NSArray *resultstwo = [database executeQuery:@"SELECT * FROM processes WHERE ready='yes' LIMIT 0,1"];
for (NSDictionary *rowtwo in resultstwo) {

NSString *getCaption = [rowtwo valueForKey:@"caption"];

if (getCaption == NULL) {
theCaption = @"Photo uploaded...";
} else if (getCaption == nil) {
theCaption = @"Photo uploaded...";
} else if ([getCaption isEqualToString:@""]) {
theCaption = @"Photo uploaded...";
} else if ([getCaption isEqualToString:@" "]) {
theCaption = @"Photo uploaded...";
}

}

And here's the error:

Terminating app due to uncaught exception 'NSInvalidArgumentException', reason: '-[NSNull isEqualToString:]: unrecognized selector sent to instance 0x3eba63d4'

Am I doing something wrong? Do I need to do it a different way?

What’s the data type of rowtwo? Why are you sending it -valueForKey:? –  Bavarious Apr 16 '11 at 2:47
2  
I’ll leave this comment for further reference: -valueForKey: is a KVC method. In KVC, [NSNull null] represents the absence of a value for a given key. If you’re using an NSDictionary in a context that doesn’t need KVC, use -objectForKey: instead — it will return nil instead of [NSNull null] when a given key is not present in the dictionary. –  Bavarious Apr 16 '11 at 3:03
1  
See this Stack Overflow question for a discussion on the difference between -valueForKey: and -objectForKey:: stackoverflow.com/questions/1062183/… –  Bavarious Apr 16 '11 at 3:04
    
Getting object from array populated by a database... –  iosfreak Apr 16 '11 at 3:14
1  
One more note (ha! :-)) — it looks like you’re using some non-Apple class to fetch results from a database query. If a column is NULL (as in SQL NULL), this class has two options when populating a dictionary: either don’t include the corresponding key, or include the corresponding key mapping to an [NSNull null] value. So it is up to this class how to represent SQL NULL values, and your test needs to consider the specifics of this class. –  Bavarious Apr 16 '11 at 3:47

3 Answers 3

up vote 76 down vote accepted

The NULL value for Objective-C objects (type id) is nil.

While NULL is used for C pointers (type void *).

(In the end both end up holding the same value (0x0). They differ in type however.)

In Objective-C:

  • nil (all lower-case) is a null pointer to an Objective-C object.
  • Nil (capitalized) is a null pointer to an Objective-C class.
  • NULL (all caps) is a null pointer to anything else (C pointers, that is).
  • [NSNull null] is a singleton for situations where use of nil is not possible (adding/receiving nil to/from NSArrays e.g.)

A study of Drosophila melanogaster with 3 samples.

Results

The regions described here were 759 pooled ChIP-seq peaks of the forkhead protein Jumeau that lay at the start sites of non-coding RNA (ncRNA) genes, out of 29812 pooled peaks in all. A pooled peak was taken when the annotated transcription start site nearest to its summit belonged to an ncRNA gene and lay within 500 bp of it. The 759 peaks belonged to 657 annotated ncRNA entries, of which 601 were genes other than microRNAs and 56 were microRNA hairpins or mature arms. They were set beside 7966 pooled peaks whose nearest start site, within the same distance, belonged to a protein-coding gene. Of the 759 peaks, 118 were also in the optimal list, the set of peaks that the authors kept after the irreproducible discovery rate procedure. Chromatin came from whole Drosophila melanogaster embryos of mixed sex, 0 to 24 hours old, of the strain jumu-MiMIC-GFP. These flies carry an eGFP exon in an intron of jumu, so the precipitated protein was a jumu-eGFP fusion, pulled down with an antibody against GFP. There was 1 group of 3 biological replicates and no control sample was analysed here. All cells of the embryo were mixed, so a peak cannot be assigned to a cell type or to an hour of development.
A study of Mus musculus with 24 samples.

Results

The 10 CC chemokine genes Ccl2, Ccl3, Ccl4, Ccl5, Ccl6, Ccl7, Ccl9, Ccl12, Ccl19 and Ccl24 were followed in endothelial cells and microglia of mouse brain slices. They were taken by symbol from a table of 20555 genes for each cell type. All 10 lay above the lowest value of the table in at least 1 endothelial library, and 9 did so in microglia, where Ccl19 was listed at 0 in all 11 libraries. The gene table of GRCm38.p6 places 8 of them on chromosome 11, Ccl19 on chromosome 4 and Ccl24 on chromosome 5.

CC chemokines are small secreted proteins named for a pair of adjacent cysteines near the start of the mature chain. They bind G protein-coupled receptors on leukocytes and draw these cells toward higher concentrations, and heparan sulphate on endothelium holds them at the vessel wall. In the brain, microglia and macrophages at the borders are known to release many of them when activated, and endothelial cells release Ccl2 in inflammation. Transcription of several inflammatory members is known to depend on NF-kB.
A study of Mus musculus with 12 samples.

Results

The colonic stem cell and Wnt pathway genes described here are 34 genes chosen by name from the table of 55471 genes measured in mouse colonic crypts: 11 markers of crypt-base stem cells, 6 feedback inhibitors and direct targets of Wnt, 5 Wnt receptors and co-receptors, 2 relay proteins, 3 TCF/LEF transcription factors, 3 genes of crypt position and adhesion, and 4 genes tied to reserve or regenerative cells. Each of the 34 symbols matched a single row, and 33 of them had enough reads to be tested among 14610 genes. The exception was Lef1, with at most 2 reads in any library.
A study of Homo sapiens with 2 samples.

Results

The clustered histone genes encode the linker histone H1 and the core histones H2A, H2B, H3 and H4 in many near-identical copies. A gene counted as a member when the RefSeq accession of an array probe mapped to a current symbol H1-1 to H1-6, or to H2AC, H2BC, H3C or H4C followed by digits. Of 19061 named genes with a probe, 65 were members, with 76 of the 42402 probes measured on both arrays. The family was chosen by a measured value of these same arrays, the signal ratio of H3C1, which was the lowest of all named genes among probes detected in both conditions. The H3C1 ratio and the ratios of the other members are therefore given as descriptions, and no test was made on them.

In Objective-C++:

  • All of the above, plus:
  • null (lowercase) or nullptr (C++11 or later) is a null pointer to C++ objects.

So to check against nil you should either compare against nil (or NULL respectively) explicitly:

if (getCaption == nil) ...

or let ObjC / C do it implicitly for you:

if (!getCaption) ...

This works as every expression in C (and with Objective-C being a superset thereof) has an implicit boolean value:

expression != 0x0 => true
expression == 0x0 => false

Now when checking for NSNull this obviously wouldn't work as [NSNull null] returns a pointer to a singleton instance of NSNull, and not nil, and therefore it is not equal to 0x0.

So to check against NSNull one can either use:

if ((NSNull *)getCaption == [NSNull null]) ...

or (preferred, see comments):

if ([getCaption isKindOfClass:[NSNull class]]) ...

Keep in mind that the latter (utilising a message call) will return false if getCaption happens to be nil, which, while formally correct, might not be what you expect/want.

Hence if one (for whatever reason) needed to check against both nil/NULL and NSNull, one would have to combine those two checks:

if (!getCaption || [getCaption isKindOfClass:[NSNull class]]) ...

For help on forming equivalent positive checks see De Morgan's laws and boolean negation.

Edit: NSHipster.com just published a great article on the subtle differences between nil, null, etc.

True, although the actual error is that [rowtwo valueForKey:@"caption"] is returning an NSNull instance instead of an NSString instance. –  Bavarious Apr 16 '11 at 2:49
    
@Bavarious: See last line in answer. –  Regexident Apr 16 '11 at 2:53
    
Thanks, it works! –  iosfreak Apr 16 '11 at 2:58
    
@phpnerd211: this probably doesn't solve your real problem, though -- see Bavarious's comments attached to the question. –  Josh Caswell Apr 16 '11 at 3:20
    
He was mistaken. I use this method all over my app and it functions properly -- see my edits in my code on how I populated the array, etc. –  iosfreak Apr 16 '11 at 3:27

You should use

if ([myNSString isEqual:[NSNull null]])

This will check if object myNSString is equal to NSNull object.

Since NSNull is a singleton, you could actually compare pointers directly: if (getCaption == [NSNull null])... –  Caleb Apr 16 '11 at 2:55
    
But comparing against the singleton is a bad idea! Don't do it =X. [NSNull null] may be a singleton but NSNull is a class like any other. –  Dustin Feb 29 '12 at 1:07
if([getCaption class] == [NSNull class])
    ...

You can also do

if([getCaption isKindOfClass:[NSNull class]])
    ...

if you want to be future proof against new subclasses of NSNull.